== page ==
Earlier this year, the Pacific Coast Food Waste Commitment (PCFWC) released two new years of surplus food data from its retail signatories. It’s an important milestone for the public-private partnership, as the PCFWC is only the second international food waste commitment to have built a collaborative dataset like this. It’s also important for ReFED, as the data is helping to improve our own retail estimates in the Insights Engine.
Retail surplus rates are the percent of food in each food department in grocery stores that does not get sold. Unsold food not only represents significant lost value for a retailer, but it also carries an environmental burden in terms of wasted resources and unnecessary emissions, a social burden if the food is edible but does not get donated, and a logistics/cost burden to coordinate disposal. For all these reasons, many grocery retailers have made commitments to reduce food waste in their operations and some have joined the PCFWC, to work with their industry peers in a pre-competitive framework to increase their impact. And as these companies track business-level progress against those commitments, ReFED is able to track system-level progress towards reducing that surplus.
Tracking progress at any level can be difficult. It requires first a reliable baseline, and then regular measurements over time using a consistent methodology. ReFED has served as a resource partner to the PCFWC to facilitate standardized measurement and reporting, with the ultimate goal of being able to monitor efforts and enable signatories to strategically plan further food waste reduction activities.
PCFWC retail signatories have now reported data for 2019, 2020, and 2021, which allows for year-over-year comparison. And because the signatories represent over 50% market share in the Pacific Coast region, their data can be aggregated into a single regional average that serves as an industry benchmark, while keeping the data from any one business completely anonymous. It’s a major advance that provides businesses with a critical view to determine where to focus their waste reduction efforts – and it can benefit retailers across the country, not just those in the Pacific Coast region or who are signatories of the PCFWC.
For ReFED, the significance of this progress in reporting is possibly even more exciting. The PCFWC retail surplus data represents the only U.S. retail food waste measurement that is repeated consistently, and it perfectly aligns with ReFED data models that estimate overall food waste in the retail sector for the whole country. Until now, we’ve relied on a USDA study of supermarket shrink rates for fresh foods that was methodologically rigorous but represented a single point in time in 2011-12, and a FMI - The Food Industry Association report that had a large sample size but was discontinued in 2010 and was intended to measure theft and shoplifting rather than loss and waste. With these new metrics that actually show change over time1, we’re able to reflect changes the retail industry is making in our national model – making the Insights Engine’s Food Waste Monitor more accurate and Solutions Database forecasts more realistic.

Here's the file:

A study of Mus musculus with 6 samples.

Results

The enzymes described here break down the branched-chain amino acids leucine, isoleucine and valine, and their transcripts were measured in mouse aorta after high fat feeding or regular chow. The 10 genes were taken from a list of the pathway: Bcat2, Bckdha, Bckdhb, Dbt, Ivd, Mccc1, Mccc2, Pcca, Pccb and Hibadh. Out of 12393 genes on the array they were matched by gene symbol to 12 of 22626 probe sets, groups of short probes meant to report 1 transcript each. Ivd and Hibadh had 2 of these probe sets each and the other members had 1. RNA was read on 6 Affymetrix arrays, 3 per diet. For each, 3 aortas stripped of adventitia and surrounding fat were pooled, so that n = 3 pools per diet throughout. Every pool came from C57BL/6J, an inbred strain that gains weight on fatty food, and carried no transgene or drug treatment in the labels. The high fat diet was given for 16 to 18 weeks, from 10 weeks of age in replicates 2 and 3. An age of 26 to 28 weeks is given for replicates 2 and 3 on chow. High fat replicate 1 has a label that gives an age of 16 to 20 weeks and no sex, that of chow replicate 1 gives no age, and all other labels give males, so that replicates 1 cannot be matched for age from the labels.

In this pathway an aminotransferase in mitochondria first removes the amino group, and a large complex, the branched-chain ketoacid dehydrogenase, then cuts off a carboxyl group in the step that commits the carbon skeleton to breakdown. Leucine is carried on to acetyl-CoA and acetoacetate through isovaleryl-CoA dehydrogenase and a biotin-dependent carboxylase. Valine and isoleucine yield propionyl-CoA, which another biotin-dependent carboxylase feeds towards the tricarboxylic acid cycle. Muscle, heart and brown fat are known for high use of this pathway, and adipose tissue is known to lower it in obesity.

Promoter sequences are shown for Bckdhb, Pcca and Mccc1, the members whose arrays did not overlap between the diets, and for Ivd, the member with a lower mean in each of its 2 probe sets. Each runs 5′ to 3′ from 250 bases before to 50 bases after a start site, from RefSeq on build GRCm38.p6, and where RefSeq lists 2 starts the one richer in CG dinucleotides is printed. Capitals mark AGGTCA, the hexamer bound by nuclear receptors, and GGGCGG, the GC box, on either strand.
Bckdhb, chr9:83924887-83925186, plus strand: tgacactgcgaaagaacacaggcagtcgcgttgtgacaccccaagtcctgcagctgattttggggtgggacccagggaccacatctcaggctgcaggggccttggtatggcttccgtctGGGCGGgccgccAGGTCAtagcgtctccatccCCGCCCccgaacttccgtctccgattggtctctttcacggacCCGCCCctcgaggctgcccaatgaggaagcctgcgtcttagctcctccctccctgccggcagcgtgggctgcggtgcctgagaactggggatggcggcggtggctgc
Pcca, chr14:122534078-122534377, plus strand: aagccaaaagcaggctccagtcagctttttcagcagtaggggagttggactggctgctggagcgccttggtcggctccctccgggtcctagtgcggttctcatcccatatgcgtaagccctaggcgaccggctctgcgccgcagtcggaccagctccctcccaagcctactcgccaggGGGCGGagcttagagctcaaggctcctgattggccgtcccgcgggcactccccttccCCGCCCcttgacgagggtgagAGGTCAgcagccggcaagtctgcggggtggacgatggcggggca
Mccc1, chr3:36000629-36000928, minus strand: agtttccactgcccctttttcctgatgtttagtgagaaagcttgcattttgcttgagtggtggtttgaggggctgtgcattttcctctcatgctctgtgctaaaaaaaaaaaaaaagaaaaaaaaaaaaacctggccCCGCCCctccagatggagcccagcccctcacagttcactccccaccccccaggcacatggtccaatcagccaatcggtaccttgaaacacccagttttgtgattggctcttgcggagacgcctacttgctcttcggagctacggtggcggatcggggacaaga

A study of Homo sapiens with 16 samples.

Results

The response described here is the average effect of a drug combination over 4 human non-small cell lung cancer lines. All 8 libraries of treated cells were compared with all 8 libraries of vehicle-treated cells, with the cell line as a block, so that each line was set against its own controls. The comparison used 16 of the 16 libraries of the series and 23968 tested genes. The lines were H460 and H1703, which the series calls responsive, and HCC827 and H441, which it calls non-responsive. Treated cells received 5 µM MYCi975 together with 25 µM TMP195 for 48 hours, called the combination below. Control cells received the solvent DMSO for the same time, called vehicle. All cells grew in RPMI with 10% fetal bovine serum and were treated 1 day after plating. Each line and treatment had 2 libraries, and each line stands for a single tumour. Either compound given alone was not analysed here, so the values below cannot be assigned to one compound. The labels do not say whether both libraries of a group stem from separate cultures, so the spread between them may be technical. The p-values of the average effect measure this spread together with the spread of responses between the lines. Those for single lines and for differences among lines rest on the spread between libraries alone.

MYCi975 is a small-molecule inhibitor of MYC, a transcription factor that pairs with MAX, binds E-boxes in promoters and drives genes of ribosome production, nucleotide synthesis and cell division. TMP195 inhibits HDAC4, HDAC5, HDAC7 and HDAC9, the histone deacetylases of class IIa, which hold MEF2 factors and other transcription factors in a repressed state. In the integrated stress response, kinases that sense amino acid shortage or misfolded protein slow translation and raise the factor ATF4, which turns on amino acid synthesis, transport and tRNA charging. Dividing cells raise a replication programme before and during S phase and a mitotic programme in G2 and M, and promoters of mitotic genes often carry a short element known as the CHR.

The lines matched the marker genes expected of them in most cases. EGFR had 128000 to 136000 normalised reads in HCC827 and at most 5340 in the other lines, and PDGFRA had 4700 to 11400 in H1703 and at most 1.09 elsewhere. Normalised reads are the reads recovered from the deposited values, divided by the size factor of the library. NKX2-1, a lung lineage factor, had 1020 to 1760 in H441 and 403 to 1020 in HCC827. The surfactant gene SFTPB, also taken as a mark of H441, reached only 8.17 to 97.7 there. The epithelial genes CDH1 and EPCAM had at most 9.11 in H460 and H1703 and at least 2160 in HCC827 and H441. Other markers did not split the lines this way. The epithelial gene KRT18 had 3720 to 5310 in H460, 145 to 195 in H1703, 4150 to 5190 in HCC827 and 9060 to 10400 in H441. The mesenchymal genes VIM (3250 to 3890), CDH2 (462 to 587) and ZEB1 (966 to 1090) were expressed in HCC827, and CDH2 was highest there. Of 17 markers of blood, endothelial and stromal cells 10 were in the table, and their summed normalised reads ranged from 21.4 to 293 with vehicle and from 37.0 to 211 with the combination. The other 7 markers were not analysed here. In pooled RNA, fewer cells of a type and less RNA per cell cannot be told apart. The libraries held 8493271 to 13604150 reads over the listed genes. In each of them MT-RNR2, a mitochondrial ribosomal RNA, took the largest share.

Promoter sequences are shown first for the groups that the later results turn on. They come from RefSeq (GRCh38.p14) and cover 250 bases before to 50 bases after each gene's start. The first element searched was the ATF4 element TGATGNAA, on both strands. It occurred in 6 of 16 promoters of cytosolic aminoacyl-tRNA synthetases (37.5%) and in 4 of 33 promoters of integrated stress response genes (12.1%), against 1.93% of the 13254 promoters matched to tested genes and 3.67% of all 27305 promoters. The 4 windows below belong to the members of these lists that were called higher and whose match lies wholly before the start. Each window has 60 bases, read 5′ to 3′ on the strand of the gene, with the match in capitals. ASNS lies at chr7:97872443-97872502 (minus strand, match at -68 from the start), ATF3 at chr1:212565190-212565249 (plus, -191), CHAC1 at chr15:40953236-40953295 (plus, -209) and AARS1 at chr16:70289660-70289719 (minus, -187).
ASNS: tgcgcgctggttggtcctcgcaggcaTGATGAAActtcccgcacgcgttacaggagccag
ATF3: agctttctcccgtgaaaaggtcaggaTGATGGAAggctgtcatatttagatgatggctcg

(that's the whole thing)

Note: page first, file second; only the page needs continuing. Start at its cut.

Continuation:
Some limitations remain. PCFWC signatories, who have also committed to food waste reduction and are located in states with progressive policies around organics management, are likely “high performers,” and using their data may underestimate what’s actually happening at a national level. Nevertheless, we will be improving these estimates moving forward by calculating weighted average rates based on each retailer’s respective market share and eventually expanding the PCFWC model nationwide in order to capture more representative reporting.
The more businesses that contribute to these datasets, the more accurate and representative they are, and the better they can serve as benchmarks over time. Beyond retail, we’re excited to be moving forward with reporting pilots in the Manufacturing and Hospitality and Foodservice sectors, with the goal of soon having the same progress-over-time benchmarks for those businesses.
Please reach out to [email protected] if you’re interested in learning more about our methodology or about joining the PCFWC initiative.
1 What changes do we see in the data based on introducing this new source?
- The PCFWC unsold food rates are significantly lower than USDA and FMI rates used previously, so the update launched earlier this year in April shows lower estimates of national surplus from the retail sector in every year displayed than what was shown in the previous launch. To emphasize, we believe this change to be a function of improved measurement and reporting, rather than progress on food waste reduction by the sector.
- Focusing on just the years for which we have direct data (2019-2021) is where we might expect to see changes that would actually reflect progress in food waste reduction. There is a slight decrease in retail surplus, but PCFWC retailers have anecdotally noted that they do not expect to see much change in surplus volumes from retail during these years; any reduction that might be seen is largely a function of reduced supply, since the pandemic disrupted supply chains and made it difficult to keep shelves stocked. However, since some normalcy has returned, food waste management activities have resumed, and they expect to see significant improvement once 2022 and 2023 data are available.